You have likely heard the expression that when you assume something, you make an ass out of u and me (ass-u-me). The common interpretation of this is that when we make assumptions, we may be embarrassed and/or disappointed when we find out we were wrong in making those assumptions. For example, when you purchase a used car, you should not assume the engine is in good health, and that it comes with a good spare tire. Making such assumptions could be very costly to you.
This brings me to the blog title of “Cloud Assumptions.” Almost every service is having a “Cloud” sticker put on it. Low prices are offered, and grand promises of how wonderful the cloud is, are freely given. However, I cannot emphasize strongly enough that you should not assume any functionality whatsoever, that the vendor will not verify in writing. Over a series of blogs, I will research and bring you examples of functionality in Cloud services that you may make assumptions about, but should not.
Let’s start with one such service today.
Performance Not Always as Expected
Assumption: “I’m going to use an extremely well-known Backup vendor, who heavily advertises how great they are. I have an Internet pipe of 250 Mbps, so performance should be acceptable.”
I picked an unnamed vendor as I hear their advertising very often. They have been around for a long time and sound like a decent offering. My area of interest was in how fast I could get my data back from them, should I need to restore due to loss or encryption by malware. When I first researched them a few months ago, I found that when you attempted to restore large amounts of data, they would throttle your bandwidth to slow you down. As of today, though, good news! Or is it? From their FAQ on their site Company X “does not throttle your restore (download) speeds.” That sounds like good news, does it not? Continuing on in their FAQ we read “Your data can typically be restored at speeds up to 10Mbps” and “it is possible to restore as much as 100GB per day.”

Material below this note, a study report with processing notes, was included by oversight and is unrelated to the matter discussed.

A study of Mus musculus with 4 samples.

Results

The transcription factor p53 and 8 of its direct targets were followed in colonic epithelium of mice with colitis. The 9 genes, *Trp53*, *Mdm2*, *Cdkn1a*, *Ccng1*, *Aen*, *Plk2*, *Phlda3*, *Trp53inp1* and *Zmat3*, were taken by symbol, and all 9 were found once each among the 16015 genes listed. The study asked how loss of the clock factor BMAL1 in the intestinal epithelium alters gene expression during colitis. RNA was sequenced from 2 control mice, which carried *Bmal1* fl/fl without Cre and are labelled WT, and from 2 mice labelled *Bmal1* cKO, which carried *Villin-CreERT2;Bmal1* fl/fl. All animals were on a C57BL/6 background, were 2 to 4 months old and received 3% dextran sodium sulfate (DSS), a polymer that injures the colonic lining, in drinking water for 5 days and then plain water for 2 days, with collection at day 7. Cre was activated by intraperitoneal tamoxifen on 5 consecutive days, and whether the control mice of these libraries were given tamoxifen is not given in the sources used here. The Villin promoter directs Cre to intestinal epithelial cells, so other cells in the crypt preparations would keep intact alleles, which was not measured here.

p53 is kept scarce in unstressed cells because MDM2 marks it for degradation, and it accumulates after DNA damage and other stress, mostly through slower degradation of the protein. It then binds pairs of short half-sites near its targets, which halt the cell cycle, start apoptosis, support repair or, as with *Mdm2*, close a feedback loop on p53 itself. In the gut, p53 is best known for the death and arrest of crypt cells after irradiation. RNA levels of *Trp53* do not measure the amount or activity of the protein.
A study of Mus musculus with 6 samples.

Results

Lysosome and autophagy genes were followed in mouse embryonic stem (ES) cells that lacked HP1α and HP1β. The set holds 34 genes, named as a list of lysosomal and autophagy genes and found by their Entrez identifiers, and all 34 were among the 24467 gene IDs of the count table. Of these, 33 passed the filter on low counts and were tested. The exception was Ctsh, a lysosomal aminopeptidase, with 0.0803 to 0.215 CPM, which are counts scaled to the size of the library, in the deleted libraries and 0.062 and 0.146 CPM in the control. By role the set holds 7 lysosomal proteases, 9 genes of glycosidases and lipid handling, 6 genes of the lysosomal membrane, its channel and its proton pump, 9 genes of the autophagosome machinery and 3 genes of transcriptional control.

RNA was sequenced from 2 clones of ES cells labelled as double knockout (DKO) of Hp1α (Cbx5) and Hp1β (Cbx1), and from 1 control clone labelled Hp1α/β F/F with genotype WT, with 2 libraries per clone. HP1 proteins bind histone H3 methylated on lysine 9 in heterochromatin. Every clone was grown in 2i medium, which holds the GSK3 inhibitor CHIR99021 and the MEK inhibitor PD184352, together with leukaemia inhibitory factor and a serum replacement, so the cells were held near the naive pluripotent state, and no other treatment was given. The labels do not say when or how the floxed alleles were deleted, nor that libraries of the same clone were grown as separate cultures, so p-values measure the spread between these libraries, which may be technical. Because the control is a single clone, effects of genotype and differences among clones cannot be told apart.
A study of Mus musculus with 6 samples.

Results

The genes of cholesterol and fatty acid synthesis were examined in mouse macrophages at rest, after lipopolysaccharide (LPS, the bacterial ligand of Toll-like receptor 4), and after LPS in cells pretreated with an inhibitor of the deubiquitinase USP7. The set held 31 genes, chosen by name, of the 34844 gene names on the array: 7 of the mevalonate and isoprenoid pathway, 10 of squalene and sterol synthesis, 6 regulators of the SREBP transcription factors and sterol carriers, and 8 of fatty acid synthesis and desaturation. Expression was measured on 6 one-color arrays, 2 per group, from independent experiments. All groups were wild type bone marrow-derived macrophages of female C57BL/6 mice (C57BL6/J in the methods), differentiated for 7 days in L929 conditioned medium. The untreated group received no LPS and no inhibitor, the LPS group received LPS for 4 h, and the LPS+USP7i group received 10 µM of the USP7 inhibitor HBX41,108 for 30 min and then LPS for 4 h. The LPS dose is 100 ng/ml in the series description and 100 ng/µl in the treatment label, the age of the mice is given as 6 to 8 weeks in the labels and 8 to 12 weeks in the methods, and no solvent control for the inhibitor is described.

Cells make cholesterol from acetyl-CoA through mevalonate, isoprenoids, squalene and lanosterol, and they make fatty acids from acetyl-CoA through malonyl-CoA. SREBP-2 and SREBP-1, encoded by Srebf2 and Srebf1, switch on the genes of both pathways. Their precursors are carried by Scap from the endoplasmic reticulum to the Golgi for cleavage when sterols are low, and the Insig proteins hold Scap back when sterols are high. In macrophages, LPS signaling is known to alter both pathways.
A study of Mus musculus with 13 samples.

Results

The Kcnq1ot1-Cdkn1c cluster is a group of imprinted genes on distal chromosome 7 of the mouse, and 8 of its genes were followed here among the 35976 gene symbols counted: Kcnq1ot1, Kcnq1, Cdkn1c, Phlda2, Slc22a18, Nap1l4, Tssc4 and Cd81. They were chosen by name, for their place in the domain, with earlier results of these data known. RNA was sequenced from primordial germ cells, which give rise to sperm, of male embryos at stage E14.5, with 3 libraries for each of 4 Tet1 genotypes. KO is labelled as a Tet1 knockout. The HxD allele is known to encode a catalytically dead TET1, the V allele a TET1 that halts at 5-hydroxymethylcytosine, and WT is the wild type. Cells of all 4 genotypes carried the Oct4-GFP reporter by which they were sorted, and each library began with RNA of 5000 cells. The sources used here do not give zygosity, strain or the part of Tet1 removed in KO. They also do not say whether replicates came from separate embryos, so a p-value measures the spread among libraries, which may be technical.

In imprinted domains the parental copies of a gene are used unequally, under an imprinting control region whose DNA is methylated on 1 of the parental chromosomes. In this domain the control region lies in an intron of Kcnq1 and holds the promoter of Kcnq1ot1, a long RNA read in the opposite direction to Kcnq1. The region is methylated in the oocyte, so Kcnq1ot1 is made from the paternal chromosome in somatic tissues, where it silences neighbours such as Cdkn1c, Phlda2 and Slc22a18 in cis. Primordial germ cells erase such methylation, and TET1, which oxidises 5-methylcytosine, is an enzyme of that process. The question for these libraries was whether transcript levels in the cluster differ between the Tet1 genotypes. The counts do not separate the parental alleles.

Restoring at (“up to”) 100 GB a day is not a realistic option for most businesses. Even a small business is likely going to be shut down for most of a week restoring their data. For businesses with over 200 GB of data (almost everyone), this solution would not be acceptable under any conditions. Personally, I think they are misleading their customers. To say “does not throttle” and “speeds up to 10 Mbps” in the same paragraph, doesn’t sit well with me. This is still throttling, regardless of how they phrase it.
So both upload and download speeds are two of the factors you should examine carefully before signing on the dotted line. But there are many more details to be wary of, and I look forward to sharing these in future blogs.
As a side note, I will not name this vendor. Primarily, I don’t wish to hear from their lawyers. However, perhaps, more importantly, is that vendor policies can change at any time. What is important to your business is their policy at the time you sign a contract with them, not what they may have done in the past.
Stay tuned for the next in this series of blogs on the assumptions made about the Cloud.